Ece (left) and Cemal (right), and two other IBM volunteers, helped students develop skills to improve creative and critical thinking.
Ece (left) and Cemal (right),
and two other IBM
volunteers, helped students
develop skills to improve
creative and critical
thinking.

At the end of 2016, IBM CEO and Chairman Ginni Romenty coined the term “new collar” jobs to describe highly skilled employees who may not necessarily have four-year college degrees. She said, “What matters most is that these employees – with jobs such as cloud computing technicians and services delivery specialists – have relevant skills, often obtained through vocational training.”

In Turkey, two IBM volunteers recently played a role helping young students develop their “new collar” skills when they led a workshop in design thinking.

“The students we met were in the web design program at Maçka technical and vocational high school ,” says Cemal Günekbay, a digital transformation consultant for IBM in Istanbul, Turkey.

“The students are skilled in the technical area, but they needed help in the soft skills such as how to identify requirements, how to find the right idea for the right need, how to combine function with usability—so we chose to run a session on IBM design thinking.”

Design thinking draws on logic, imagination, intuition, and systemic reasoning to develop ideas and to create desired outcomes that benefit the end user or customer.

Left brain, right brain

Cemal and Ece Hamzalioglu, learned about the opportunity at Maçka from the IBM corporate communications and corporate affairs manager in Turkey.

“Ceyhun Gocenoglu was aware of my willingness to join volunteer activities,” says Ece, an business transformation consultant also in Istanbul. “In one of our regular discussions, he told me and Cemal about the project. I felt excited not only because it was a chance for students to learn more about IBM and our approaches in the market, it also offered me a chance to strengthen my skills.”

The session was held earlier in 2017 over a two week period and was attended by over 30 students.

“I actually didn’t know a great deal about the school at first,” says Cemal. “But while we were there, I could see an opportunity to provide the students with more up-to-date technology, equipment, and curriculum.”

Two other IBM volunteers in Istanbul, Kemal Kestelli—an IBM managing consultant, and Baris Abi—an IBM campaign manager, first provided the class with principles in project management and a perspective on current and future trends in web design.

“The planned sessions were interrelated with what Cemal and I did,” says Ece. “The overall program was related to the student’s web design class, so we organized the sessions to provide them with an end-to-end overview about web design projects including the project management, web design, new approaches, technologies and trends.”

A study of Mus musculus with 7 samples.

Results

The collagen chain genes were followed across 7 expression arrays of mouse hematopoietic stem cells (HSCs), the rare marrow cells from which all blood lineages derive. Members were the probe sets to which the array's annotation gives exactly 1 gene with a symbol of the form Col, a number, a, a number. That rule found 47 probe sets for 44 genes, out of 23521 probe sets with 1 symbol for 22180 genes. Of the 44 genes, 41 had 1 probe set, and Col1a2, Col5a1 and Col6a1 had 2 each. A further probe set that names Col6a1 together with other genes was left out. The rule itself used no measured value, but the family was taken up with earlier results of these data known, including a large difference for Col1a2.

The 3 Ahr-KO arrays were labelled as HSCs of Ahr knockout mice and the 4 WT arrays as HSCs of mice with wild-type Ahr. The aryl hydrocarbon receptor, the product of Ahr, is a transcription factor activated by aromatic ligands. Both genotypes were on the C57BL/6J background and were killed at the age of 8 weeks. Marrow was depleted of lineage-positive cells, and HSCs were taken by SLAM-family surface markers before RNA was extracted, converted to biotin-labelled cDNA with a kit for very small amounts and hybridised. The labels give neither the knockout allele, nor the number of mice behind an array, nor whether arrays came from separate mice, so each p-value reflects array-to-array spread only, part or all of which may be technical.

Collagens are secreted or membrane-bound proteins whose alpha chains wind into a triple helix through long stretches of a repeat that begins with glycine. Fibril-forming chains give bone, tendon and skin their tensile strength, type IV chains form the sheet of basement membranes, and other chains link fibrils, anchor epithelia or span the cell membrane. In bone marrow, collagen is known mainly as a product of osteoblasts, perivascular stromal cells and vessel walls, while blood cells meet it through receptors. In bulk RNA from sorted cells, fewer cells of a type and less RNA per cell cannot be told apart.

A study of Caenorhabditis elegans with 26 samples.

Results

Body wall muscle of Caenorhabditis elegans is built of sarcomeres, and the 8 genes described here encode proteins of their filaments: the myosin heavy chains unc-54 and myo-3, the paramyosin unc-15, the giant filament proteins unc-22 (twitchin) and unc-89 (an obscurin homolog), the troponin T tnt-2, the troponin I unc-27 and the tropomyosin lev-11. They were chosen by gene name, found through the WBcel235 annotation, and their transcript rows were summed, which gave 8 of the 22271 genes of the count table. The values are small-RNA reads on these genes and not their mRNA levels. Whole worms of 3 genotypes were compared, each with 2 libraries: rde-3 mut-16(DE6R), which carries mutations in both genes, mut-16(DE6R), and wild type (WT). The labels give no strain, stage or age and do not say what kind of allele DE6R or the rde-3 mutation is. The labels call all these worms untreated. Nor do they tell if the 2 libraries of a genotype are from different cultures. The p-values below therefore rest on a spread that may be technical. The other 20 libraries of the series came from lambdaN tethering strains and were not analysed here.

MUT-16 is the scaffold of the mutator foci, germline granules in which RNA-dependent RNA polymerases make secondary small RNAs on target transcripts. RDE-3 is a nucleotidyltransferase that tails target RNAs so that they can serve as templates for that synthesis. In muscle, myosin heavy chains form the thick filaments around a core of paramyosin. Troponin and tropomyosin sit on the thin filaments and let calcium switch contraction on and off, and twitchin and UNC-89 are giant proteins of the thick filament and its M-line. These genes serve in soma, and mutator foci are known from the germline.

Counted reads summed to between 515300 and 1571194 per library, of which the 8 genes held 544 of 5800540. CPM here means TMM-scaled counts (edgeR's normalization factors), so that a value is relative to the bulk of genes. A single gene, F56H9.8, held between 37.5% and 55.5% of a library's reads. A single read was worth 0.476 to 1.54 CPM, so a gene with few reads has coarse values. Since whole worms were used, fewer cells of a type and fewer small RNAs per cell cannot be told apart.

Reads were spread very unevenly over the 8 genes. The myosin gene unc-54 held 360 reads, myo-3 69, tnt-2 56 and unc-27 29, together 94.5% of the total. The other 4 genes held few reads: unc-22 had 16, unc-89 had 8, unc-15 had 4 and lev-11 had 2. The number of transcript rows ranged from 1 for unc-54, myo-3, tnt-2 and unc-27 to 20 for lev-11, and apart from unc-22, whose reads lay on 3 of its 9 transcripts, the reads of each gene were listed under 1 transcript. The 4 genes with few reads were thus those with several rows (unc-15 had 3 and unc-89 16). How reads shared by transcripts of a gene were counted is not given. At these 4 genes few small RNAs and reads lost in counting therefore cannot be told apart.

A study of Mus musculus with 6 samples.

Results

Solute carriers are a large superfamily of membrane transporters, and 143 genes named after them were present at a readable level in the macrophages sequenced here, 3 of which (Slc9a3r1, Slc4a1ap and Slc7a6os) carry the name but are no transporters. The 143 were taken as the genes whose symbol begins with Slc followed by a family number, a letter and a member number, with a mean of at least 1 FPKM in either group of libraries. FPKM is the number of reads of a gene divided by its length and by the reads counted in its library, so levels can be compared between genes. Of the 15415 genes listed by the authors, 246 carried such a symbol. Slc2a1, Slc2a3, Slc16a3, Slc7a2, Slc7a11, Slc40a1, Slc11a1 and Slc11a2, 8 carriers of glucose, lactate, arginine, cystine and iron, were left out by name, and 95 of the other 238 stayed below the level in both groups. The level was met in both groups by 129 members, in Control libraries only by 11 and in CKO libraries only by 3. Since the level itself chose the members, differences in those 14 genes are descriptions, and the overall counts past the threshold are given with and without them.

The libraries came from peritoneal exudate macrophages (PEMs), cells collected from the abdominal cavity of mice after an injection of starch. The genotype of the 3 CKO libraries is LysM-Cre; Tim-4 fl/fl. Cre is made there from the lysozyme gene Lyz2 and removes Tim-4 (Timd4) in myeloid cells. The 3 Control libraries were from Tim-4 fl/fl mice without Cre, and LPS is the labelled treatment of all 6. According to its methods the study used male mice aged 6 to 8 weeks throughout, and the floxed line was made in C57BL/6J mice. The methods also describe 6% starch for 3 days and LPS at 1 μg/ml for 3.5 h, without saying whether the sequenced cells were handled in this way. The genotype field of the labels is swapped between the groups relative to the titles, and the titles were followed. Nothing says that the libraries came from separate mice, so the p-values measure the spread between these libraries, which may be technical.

The full day session by Baris provided a view about the marketplace, web design, new technologies and tools. And Kemal, who has extensive project management experience, reviewed the phases required to conduct a project by using a real project example.

Those sessions helped set-up the next meeting led by Cemal and Ece.

Big ideas and creativity

Before the design thinking workshop, Cemal and Ece had learned the students were challenged on building creative user-centered designs, and that they had less knowledge on current implementations and applications in the market.

The students had been working in teams on various projects—a mobile app to create music using virtual reality glasses and instruments, a social networking platform based on hobbies learned by a smart system, a website that suggests recipes based on the visitor’s ingredients.

Using design thinking practices as shown by the IBM volunteers, the students learned to define problems and create innovative solutions and ideas.

During the session Cemal and Ece showed real world examples of exceptional design, demonstrating how the user is often the inspiration for big ideas. Then the volunteers gave a series of “crazy ideas” to the students about the project they were working on, and challenged them take the far-fetched concepts to a more feasible level.

“In this way, the students could see and visualize how the theories are applied in the market and industries,” says Ece.

For Cemal, the project was actually a small scale replica of the IBM design thinking workshops he has facilitated for IBM clients.

“The planning of the workshop, the preparation, actually holding the workshop, participant interaction—all of those have their roots in my experience with the client engagements,” he says.

The experience of the two volunteers was evident in the reaction from the students.

Cemal says that, “They were really engaged and insisted we extend the session for an extra hour and a half without asking for a break. At the end, the students were ready to practice more with us, and asked for more resources so they can continue exploring IBM design thinking.”

“All of us have been in these students’ positions once and faced the same difficulties,” says Ece. “Therefore, it was a great chance to support them with their challenges. Above that, seeing the level of engagement in this project was amazing.”

Ece feels strongly that her project background and experience helped her to be prepared and to transfer knowledge to the students as effectively as possible.

“It was an honor to be a part of this initiative. I would love to see projects similar to this and to take part in them as well,” says Cemal. “I believe all of us have a responsibility to give back to the community for its betterment; a society only can move as fast as its slowest member, after all.”